Multicultural America is the label applied to contemporary America by Michael Lind in his book The Next American Nation (1995), which has received wide attention because of its unconventional interpretation of American history. Subtitled The New Nationalism and the Fourth American Revolution, Lind's book informs its readers that they are living in the Third American Republic, Multicultural America, which emerged around 1965. The first republic, Anglo-America, lasted until the Civil War, and was succeeded by the second republic, Euro-America.
Lind, a jouralist who has made the transition from conservatism to liberalism, claims to be an optimist, holding out the shining hope of a Fourth American Revolution, which will usher in the last great republic, Trans-America, a kind of advanced reincarnation of the old New Deal in which all groups and factions will melt down into a happy panmixia of social democracy. He admits that "the Third Republic has failed to gain legitimacy in the eyes of most Americans."
Whatever we may thank of Lind's neo-liberalism, we do recognize tht as he avers, multiculturalism is more than a matter of educational philosophy, that "it is the de facto orthodoxy of the present American regime: Multicultural America." Multiculturalism is, rather, "a worldview," which is imposed upon all Americans who live within the legal-political expression still known as the United States of America. This is a realization which is implicit in each of the papers which follow.
Explicit in each of the following papers is an awareness that the current regime lacks legitimacy. Each paper represents a conservative reaction to Multicultural America. The first three, written to be presented as speeches, are occasional papers in the truest sense of the word. In "Fallacies of Conservatives," we are confronted with a provocative critique of conservative reaction to multiculturalism which does not come from the left side of the political continuum. In "New American Nations," we are presented with a prescription for a new American republic which is markedly divergent from that of Lind and other neo-liberals. Finally, in "Why the Apathy?" the editor attempts to answer the question why the response to Multicultural America has been so inadequate.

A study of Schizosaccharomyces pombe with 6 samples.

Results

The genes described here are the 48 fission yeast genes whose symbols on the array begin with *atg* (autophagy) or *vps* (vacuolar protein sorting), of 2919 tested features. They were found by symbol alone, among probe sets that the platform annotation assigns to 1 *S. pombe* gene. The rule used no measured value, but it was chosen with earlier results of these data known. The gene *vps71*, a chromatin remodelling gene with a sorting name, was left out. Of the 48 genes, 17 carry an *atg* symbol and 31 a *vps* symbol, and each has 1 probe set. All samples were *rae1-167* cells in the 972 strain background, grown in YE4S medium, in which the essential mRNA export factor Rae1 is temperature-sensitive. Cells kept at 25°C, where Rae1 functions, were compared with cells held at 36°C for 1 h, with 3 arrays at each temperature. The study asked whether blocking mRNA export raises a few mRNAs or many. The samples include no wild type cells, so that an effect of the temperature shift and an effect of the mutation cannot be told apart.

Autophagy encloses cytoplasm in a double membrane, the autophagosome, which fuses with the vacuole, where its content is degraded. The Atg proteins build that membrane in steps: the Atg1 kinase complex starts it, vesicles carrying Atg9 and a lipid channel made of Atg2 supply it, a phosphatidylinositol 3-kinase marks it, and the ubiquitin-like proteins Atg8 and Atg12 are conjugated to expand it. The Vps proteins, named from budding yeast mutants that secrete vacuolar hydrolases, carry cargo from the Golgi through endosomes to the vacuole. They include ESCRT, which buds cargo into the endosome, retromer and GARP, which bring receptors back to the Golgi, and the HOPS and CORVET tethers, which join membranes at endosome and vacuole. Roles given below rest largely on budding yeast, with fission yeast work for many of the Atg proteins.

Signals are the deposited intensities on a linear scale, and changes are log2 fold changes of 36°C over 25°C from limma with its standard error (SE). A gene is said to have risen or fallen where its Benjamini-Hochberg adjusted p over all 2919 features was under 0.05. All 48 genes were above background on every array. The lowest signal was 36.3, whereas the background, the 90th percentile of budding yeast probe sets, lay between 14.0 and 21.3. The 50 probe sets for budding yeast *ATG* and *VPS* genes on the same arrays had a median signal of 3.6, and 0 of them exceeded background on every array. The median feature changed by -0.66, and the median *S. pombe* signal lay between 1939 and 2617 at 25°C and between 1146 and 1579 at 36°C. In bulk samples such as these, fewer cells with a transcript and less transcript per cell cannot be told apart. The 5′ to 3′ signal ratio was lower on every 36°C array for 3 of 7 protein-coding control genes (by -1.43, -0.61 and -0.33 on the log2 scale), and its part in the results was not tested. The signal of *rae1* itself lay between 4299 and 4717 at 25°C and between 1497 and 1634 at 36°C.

None of the papers was commissioned by the editor. They were already written or largely written before the editor communicated with their authors about them. We hope, therefore, that our attribution of a common theme to these papers does not misrepresent the intentions of any of their authors. At the very least, this gathering of papers will provide stimulating reading for a select readership. Beyond that limited circle, they may find a few readers among future historians who will employ them as primary sources to determine how conservatives confronted the most significant change in American life in the past half-century. Optimistically, we dare to believe that more than a few readers will draw from these essays a greater understanding of what it means to be a European American looking to the twenty-first century.